I don't want another half-empty 5 gal. container sitting around the house! :)

Is there one type of compound that will do a good job for each step of the way, or do I need to buy all-purpose for the start and the lighter stuff for the final coats?
 


Multipurpose for the tape----then light weight topping compound for the final coat--

Also---powdered easy sand for filling voids and corner bead---the cost will be worth it--
 


I'm trying to avoid buying two products, much less three.
 

 

 

I just learned something about joint compound from you guys that I didn't know before. No matter how much you think you know...you can always learn more.

Reminds me of a quote from one of my favorite film actors:
"A man's got to know his limitations." --Clint Eastwood aka Dirty Harry
 

 

the proper tested and true way is to prefill with easy sand, set the tape with green lid mud and finish with a premixed topping compound.
 

the proper tested and true way is to prefill with easy sand, set the tape with green lid mud and finish with a premixed topping compound.
Easy sand has no glue is the mud and the tape will not bond correctly. This is a DIY and proced at your own risk from advice give out.
 

the proper tested and true way is to prefill with easy sand, set the tape with green lid mud and finish with a premixed topping compound.

dust control is usually the most expensive though . if you don't want extra 1/2 bucket of mud left over just run all your seems extra wide until its used up . take your hawk and trowel and go nuts . skim coat all the sun walls etc .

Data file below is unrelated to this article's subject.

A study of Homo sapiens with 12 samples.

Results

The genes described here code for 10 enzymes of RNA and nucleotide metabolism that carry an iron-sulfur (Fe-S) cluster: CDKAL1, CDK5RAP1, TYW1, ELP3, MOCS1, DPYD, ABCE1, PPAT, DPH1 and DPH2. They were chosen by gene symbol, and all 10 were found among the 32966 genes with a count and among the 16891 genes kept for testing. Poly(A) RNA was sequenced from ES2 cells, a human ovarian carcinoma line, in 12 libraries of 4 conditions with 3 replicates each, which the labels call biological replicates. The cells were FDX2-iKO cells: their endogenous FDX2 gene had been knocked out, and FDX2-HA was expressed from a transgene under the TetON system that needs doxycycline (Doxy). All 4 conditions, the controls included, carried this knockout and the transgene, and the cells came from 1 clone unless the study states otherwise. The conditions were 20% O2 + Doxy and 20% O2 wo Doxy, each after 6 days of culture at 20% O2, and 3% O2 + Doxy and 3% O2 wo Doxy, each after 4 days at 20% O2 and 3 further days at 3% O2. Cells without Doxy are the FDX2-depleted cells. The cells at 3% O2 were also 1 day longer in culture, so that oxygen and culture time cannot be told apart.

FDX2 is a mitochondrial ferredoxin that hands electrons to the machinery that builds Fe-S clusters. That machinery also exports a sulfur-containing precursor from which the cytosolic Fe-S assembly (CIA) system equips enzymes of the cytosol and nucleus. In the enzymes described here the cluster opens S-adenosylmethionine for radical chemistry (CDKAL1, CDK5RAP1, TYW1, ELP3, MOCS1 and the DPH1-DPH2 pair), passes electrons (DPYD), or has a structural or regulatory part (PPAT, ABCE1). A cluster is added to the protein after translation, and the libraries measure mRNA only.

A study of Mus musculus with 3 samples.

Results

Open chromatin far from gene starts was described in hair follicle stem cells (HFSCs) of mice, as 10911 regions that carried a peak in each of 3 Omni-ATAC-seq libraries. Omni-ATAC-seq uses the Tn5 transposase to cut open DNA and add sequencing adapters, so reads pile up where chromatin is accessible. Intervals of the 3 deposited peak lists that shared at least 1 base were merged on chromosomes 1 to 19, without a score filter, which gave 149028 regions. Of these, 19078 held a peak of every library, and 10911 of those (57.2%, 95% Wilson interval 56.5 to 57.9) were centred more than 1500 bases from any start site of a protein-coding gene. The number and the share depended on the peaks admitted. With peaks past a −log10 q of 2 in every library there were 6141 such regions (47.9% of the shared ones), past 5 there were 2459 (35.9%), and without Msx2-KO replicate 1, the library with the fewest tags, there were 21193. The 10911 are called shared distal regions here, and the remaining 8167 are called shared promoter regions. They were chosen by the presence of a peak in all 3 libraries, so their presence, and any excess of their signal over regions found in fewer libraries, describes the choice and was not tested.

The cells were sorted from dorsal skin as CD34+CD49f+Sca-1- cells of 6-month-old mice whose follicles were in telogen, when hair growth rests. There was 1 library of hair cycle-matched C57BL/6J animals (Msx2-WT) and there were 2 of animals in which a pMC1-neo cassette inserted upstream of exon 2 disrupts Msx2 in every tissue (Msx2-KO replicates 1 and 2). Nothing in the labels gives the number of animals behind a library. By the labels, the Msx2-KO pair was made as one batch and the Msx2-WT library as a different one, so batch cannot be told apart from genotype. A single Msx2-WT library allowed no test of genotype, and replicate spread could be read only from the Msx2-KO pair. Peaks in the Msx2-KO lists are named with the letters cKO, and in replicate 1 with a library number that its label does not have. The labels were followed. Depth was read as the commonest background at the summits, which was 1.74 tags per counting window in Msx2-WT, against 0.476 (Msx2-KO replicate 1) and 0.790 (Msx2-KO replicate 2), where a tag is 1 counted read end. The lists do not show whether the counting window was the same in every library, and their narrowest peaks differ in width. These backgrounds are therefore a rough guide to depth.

Yes this is a DIY site. That doesn't mean homeowners are asking how to incorrectly hack together every project in a slipshod manner and how to cut corners and install code violations every step of the way. My assumption is that HO's ask questions when they're facing an issue beyond their DIY capabilities. By doing it yourself, you're already saving a boatload of money. Trying to "save" a few more dollars by screwing up the finish surface of walls and ceilings because a leftover 1/2 pail of mud is "inefficient" is just downright foolhearty.

i find dust control does ok all around. it sets the tape ok, fills ok and finishes ok. ok?
Gee, I wonder why the pros don't do it that way then?
the proper tested and true way is to prefill with easy sand, set the tape with green lid mud and finish with a premixed topping compound.
 

 

 


Next, thin the AP with 6-12OZ water per pail of AP - the exact amount is judgement in getting the consistency you want to work with. It may be thicker than what a pro would use, because real thin mud is going to drop off an average DIYer' knife before it gets to the wall or ceiling. If you thin it too much for your skills and abilities, you're going to be throwing out the rest of the pail and buying a new one, then thinning from scratch. I'd recommend 6 OZ per full pail for a beginner.

Make sure you wipe your tape down well when you're bedding to get excess compound out from under it - if you hump it up too bad, that pail won't get you through the 20 sheets.
 


This being winter, I can see AP deep fills taking a long time to dry in a basement.